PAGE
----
The European Commission’s High-Level Expert Group (HLEG) on Sustainable Finance has come under scrutiny for a lack of banking representatives from a body representing the chairs and CEOs of Europe’s largest banks and insurers.
The HLEG was formed in October last year, tasked with developing a pan-European road-map for sustainable finance. The HLEG, whose membership comprises senior figures from investors like Aviva, Mirova, APG Asset management and bodies such as the 2° Investment Initiative, the London Stock Exchange Group, Novethic and the Climate Bonds Initiative, revealed its priorities in March.
Now, the European Financial Services Round Table (EFR) has written to the chair of the HLEG, AXA’s Christian Thimann, to welcome the initiative and give its views on how to develop the market across the EU.
However, the EFR – which is chaired by Deutsche Bank Chairman Paul Achleitner – also highlights the fact no-one from Europe’s largest banks sits on the group:
“It is vital that the European Commission and the Expert Group consult all players in the financial markets,” says the EFR. “Although representatives from the insurance sector are well represented, we note that this group does not have any representatives from the region’s largest banks. Accordingly, we encourage the group to seek also direct advice from these players who are key in funding the European economy.”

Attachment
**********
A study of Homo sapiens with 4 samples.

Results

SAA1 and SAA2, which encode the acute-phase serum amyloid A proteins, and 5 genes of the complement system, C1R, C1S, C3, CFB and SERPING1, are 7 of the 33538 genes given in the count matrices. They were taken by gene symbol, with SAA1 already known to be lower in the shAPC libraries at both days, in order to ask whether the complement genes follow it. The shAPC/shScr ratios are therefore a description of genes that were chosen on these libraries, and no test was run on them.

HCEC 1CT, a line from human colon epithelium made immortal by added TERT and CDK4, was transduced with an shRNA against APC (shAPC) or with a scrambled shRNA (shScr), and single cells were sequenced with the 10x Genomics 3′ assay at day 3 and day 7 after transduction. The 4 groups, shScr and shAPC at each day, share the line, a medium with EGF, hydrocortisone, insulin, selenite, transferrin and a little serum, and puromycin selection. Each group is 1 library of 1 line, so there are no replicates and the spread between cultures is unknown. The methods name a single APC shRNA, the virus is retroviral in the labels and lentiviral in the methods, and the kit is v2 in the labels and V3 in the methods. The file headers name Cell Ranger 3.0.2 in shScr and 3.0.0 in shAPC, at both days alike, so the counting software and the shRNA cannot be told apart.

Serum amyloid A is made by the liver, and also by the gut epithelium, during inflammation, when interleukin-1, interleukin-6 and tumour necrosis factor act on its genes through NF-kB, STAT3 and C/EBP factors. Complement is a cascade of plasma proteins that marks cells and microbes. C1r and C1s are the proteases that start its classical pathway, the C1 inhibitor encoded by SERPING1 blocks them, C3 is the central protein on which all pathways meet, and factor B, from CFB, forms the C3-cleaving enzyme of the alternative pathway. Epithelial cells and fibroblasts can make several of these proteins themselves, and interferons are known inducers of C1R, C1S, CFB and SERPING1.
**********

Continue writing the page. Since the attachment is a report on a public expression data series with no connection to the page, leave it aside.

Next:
The sole banking representative on the Group is Mieczyslaw Groszek, Vice President of the Polish Bank Association, although figures like Eila Kreivi at the European Investment Bank are observers.Speaking to Responsible Investor, Theo Timmermans, Secretary General of the EFR, said: “Insurance companies are well represented, asset managers are well represented, academics represented but banks are not really represented. There is one banking representative and that is strange as banks have a role to play.”
Timmermans said a meeting with the Expert Group would happen this week and while it was likely too late to have a major banking representative on the Group, the EFR really wanted to be active with its work.
The EFR letter spells out four key areas where it would like to see strengthened action at EU level: incentivising capital and supply of green projects; boosting transparency on the UN’s Sustainable Development Goals funding gap; increased transparency around sustainability risks; and better understanding of sustainability risks.
On the SDG funding gap, the EFR says there is no centralized resource allowing private investors to find opportunities on where to deploy capital and there is a lack of clarity on where the most pressing SDG funding needs lie.
The EFR also says guidelines for the EU Non-Financial Reporting Directive should be urgently published and they should align with recommendations from the Financial Stability Board Task Force on Climate-Related Financial Disclosures.
Members of the EFR are the CEOs and Chairman of Europe’s major banks and insurers, including those outside the European Union, such as Ana Botin (Banco Santander) and Urs Rohner (Credit Suisse).